The Carnegie Mellon Strategic Plan strongly emphasizes an accomplished university community. One of the strategies to achieve that goal is for managers to give regular performance feedback and establish clear lines of communication with their employees. Ongoing feedback should clarify expectations, standards, and perceived performance throughout the year, and bring to light the issues that may contribute to or distract from achieving those goals.
The university expects that each member of the university community will receive a performance review each fiscal year (by June 30). Employees are encouraged to complete a self-assessment as part of the review process.
- Performance Review Guidelines and Review Form for Managers [doc] or [pdf]
- Employee Performance Self-Assessment Form [doc] or [pdf]
Linking Performance and Pay
Each year, supervisors are expected to conduct performance reviews for the employees they manage. The performance review is an excellent opportunity to discuss an employee’s work performance, strengths and weaknesses, and how his or her duties fit in with departmental strategic goals. In addition, these reviews should be consistent with salary decisions and other employment actions.
Assessing each employee’s performance in an objective, consistent, and accurate manner takes planning and preparation on your part. Before you complete the Performance Review Form [doc], you should read the Performance Review Guidelines that are a part of the form and review the employee's Position Description. Use the Performance Review Supervisor's Checklist [pdf] to make sure you have not forgotten any important steps.
Avoiding Bias in Performance Reviews
Some of the factors that may bias a performance review include the following:
- Personal Style—Sometimes introverts view extroverts as loud or bossy, while extroverts may see introverts as aloof and unfriendly. A quiet individual's accomplishments may be overlooked. An intuitive person may seem flighty to a more analytical type. But all of these types can be highly effective. A diverse workforce leads to greater creativity, new perspectives and innovative ideas, but only when each person's style is accepted and valued.
- Personal Relationships—It is hard to review the performance of a friend, or that of a person with whom you have had difficulty in the past. This is particularly difficult for managers who may have worked with their employees as peers in the past (before being promoted). It is important to maintain objectivity while conducting reviews.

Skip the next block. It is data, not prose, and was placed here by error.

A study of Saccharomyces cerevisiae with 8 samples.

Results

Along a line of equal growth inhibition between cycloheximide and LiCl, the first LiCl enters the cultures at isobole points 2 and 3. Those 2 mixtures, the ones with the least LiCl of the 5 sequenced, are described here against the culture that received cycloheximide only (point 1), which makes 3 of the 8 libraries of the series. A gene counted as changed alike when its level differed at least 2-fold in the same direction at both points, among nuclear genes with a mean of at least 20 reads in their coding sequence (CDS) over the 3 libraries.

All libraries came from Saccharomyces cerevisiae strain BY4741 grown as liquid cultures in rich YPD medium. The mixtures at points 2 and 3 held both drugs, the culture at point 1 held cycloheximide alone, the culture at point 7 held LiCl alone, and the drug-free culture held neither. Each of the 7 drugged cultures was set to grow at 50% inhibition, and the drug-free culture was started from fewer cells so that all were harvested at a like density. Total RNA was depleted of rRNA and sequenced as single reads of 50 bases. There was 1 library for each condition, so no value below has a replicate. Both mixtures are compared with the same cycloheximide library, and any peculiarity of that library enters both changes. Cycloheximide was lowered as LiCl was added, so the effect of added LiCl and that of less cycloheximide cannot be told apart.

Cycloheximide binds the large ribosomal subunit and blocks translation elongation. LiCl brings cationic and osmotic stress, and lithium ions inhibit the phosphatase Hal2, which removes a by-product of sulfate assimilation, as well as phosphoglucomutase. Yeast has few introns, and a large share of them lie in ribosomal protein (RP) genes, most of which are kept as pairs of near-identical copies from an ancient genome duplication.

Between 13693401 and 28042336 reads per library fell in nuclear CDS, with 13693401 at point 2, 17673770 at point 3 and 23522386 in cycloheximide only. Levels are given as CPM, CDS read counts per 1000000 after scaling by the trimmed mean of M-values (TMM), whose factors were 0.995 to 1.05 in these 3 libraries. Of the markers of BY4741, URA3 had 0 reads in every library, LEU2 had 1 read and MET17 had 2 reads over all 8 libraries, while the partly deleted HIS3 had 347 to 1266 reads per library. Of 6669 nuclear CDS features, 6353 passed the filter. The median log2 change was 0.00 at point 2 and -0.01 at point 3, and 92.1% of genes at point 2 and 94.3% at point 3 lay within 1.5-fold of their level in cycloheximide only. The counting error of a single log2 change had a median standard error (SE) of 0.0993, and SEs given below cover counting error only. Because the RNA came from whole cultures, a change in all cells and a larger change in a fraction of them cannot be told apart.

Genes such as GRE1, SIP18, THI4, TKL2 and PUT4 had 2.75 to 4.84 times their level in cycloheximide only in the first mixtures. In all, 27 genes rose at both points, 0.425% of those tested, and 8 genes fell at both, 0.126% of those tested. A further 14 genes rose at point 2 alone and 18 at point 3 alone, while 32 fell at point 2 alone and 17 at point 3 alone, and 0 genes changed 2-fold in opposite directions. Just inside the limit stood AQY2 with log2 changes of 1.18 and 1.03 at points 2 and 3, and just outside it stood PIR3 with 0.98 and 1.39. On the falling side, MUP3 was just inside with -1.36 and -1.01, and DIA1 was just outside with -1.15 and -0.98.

- Short-term Memory—While it is easy to focus on more recent events, you should base your review on the employee's work performance over the entire year.
- Cultural and Racial Assumptions—Avoid making assumptions based on race, ethnicity, national origin, sexual orientation, religion, gender or age. Stereotyping leads to inaccurate assessments of performance and is illegal when used as a basis for employment decisions.
- Group Rating—Although it is possible that all of your employees are excellent, it is unlikely. Most employees perform satisfactorily, with a few standouts who do excellent or very poor work. Evaluate your employees as individuals, rather than as a group.
Conducting Accurate and Effective Performance Reviews
- Focus on results-based evaluations: You should have objective, fact-based measures upon which you judge performance. Employees performing the same job function should be evaluated by the same measures.
- Back it up: Throughout the year, keep track of your employees' performance. Meet regularly with them to discuss their projects and activities. Use written talking points at these sessions, and keep copies. This will help you to look objectively at the quantity and quality of work your employees have done throughout the year.
- Educate yourself: Learning and Development offers programs on managing conflict, understanding personality types, conducting performance reviews, and many other topics to enhance your management skills.
- Drive on a two-way street: Performance reviews are often one-sided, with you telling the employee what you think of his or her work. But this process should be an exchange of information. Have the employee prepare a list of his or her accomplishments over the past year before you complete the performance review. Also give the employee a chance to discuss issues of concern. Reviews provide excellent opportunities to discuss procedural and organizational issues that may affect employee performance.
- Develop a scale: It is easy to say, "This employee always completes her work on time with few errors. She's never late, and she gets along with her co-workers." But what does this mean? Is this person a superior performer or is this expected behavior? As yourself, "Would action need to be taken if this were not the case?" A chronically late or sloppy worker is unsatisfactory. Depending on the job, if the same employee initiated a new procedure that saved time and money, she may have demonstrated superior or at least expected performance.
- Know when to forget: You may have had personality clashes with an employee, or he or she may have been a poor performer in the past. A person can improve his or her performance, and personality differences do not mean that the employee is not getting along with others. Use objective criteria to evaluate the employee fairly.